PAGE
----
Manhattan Beach-based clothing retailer True Religion Apparel Inc. filed for bankruptcy protection on April 13, citing existing liquidity constraints accelerated by the Covid-19 pandemic and government stay-at-home orders.

Manhattan Beach-based clothing retailer True Religion Apparel Inc. filed for bankruptcy protection on April 13, citing existing liquidity constraints accelerated by the Covid-19 pandemic and government stay-at-home orders. Photo by Ringo Chiu.

Manhattan Beach-based clothing retailer True Religion Apparel Inc. filed for bankruptcy protection on April 13 for the second time in less than three years.

The Chapter 11 petition filed with the U.S. Bankruptcy court for the District of Delaware cited “existing liquidity constraints, accelerated by the Covid-19 pandemic and the attendant government stay-at-home orders.”

The company said in the filing that the pandemic triggered “a difficult decision to furlough all nonessential employees and commence these cases as the only available means to maximize value for their various stakeholders.”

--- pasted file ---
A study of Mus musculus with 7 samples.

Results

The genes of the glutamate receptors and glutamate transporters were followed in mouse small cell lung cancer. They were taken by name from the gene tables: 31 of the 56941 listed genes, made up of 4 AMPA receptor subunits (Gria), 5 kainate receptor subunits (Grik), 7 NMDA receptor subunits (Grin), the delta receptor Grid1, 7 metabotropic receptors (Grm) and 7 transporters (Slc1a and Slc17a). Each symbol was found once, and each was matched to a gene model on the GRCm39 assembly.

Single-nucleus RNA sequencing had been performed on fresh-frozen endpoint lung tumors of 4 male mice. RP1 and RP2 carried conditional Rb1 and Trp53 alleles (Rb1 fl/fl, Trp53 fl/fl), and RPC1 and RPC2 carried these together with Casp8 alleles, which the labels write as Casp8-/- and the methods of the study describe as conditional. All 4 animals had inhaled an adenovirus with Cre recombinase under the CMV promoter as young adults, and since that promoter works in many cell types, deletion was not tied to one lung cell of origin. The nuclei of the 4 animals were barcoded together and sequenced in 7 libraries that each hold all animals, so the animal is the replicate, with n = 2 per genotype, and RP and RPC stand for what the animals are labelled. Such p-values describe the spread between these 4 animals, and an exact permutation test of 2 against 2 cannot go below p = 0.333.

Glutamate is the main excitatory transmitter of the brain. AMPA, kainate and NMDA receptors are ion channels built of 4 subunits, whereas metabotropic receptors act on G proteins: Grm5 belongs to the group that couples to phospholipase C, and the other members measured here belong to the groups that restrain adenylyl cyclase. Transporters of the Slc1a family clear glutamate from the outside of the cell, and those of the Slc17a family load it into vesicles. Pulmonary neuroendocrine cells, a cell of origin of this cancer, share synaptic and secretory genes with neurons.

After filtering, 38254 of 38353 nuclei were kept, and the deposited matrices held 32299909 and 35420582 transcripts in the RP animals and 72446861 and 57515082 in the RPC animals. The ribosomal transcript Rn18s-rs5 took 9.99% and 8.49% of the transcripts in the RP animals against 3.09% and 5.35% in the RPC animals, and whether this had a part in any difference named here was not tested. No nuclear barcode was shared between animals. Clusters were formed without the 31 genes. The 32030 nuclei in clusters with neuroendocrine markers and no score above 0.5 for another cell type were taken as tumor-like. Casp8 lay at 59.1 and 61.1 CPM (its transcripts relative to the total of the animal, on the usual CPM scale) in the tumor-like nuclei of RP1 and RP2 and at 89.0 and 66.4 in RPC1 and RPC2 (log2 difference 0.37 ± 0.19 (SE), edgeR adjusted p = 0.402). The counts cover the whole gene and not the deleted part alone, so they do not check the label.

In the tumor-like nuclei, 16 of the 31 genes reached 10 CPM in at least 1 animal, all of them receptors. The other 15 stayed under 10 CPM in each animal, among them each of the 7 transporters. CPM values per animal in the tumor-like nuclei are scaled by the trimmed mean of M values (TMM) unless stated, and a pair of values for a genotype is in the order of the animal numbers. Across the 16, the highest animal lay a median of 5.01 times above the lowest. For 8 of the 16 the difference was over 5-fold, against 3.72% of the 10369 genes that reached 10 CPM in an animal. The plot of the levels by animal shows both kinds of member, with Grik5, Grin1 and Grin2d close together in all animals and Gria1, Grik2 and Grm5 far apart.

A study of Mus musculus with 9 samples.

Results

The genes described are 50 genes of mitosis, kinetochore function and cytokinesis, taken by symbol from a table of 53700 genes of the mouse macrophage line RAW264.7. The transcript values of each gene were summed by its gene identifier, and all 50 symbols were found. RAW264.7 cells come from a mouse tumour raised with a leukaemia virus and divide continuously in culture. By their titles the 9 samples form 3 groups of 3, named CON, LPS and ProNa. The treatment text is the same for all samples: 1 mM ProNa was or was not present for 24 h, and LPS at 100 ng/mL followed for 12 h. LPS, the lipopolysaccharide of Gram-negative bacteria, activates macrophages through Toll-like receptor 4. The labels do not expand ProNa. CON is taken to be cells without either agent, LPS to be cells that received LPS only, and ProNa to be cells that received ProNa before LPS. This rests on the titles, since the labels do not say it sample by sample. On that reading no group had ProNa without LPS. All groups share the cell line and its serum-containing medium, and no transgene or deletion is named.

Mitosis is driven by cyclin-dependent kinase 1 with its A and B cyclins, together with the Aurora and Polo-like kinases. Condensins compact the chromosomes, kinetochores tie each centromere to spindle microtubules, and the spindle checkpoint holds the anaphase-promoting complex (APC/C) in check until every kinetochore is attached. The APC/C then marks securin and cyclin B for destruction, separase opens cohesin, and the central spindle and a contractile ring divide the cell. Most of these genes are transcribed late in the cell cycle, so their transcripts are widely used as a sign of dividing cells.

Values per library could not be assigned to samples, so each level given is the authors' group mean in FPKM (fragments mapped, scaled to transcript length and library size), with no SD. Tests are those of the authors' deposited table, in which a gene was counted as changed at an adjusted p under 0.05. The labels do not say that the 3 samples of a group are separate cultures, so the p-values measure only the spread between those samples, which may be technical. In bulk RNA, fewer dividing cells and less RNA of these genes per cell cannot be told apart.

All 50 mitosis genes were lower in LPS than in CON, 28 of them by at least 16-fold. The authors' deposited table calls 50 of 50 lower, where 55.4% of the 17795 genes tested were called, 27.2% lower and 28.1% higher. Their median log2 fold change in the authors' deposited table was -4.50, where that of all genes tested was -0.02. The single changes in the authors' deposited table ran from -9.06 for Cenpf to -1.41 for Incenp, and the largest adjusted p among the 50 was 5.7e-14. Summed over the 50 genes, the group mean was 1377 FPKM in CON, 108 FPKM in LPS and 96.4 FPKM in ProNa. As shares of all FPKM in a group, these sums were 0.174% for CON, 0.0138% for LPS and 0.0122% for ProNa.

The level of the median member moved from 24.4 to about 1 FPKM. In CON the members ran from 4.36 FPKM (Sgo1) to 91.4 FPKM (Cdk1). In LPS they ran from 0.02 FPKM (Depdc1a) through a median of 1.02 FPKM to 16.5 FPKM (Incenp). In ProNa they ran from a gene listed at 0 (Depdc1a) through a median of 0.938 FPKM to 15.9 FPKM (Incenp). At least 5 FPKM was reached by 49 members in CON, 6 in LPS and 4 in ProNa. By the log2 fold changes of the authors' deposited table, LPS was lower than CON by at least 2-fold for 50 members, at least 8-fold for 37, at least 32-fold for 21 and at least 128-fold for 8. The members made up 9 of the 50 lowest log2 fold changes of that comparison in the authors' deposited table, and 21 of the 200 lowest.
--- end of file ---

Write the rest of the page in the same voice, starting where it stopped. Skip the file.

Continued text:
The retailer also said it would “have preferred to wait out the current instabilities of the financial markets and retail industry generally (but) simply could not afford to do so.”

The court filing shows True Religion’s estimated liabilities in the range of $100 million to $500 million.

Founded in 2002 and famous for its horseshoe jean pocket stitching, True Religion was one of the world’s hottest denim brands by the mid 2000s.

It was acquired in 2013 by London-based Towerbrook Capital Partners for $824 million.

True Religion emerged from its first bankruptcy in October 2017, a move that enabled the company to reduce its term loans from $471 million to $113.5 million and extend its debt maturities to 2022.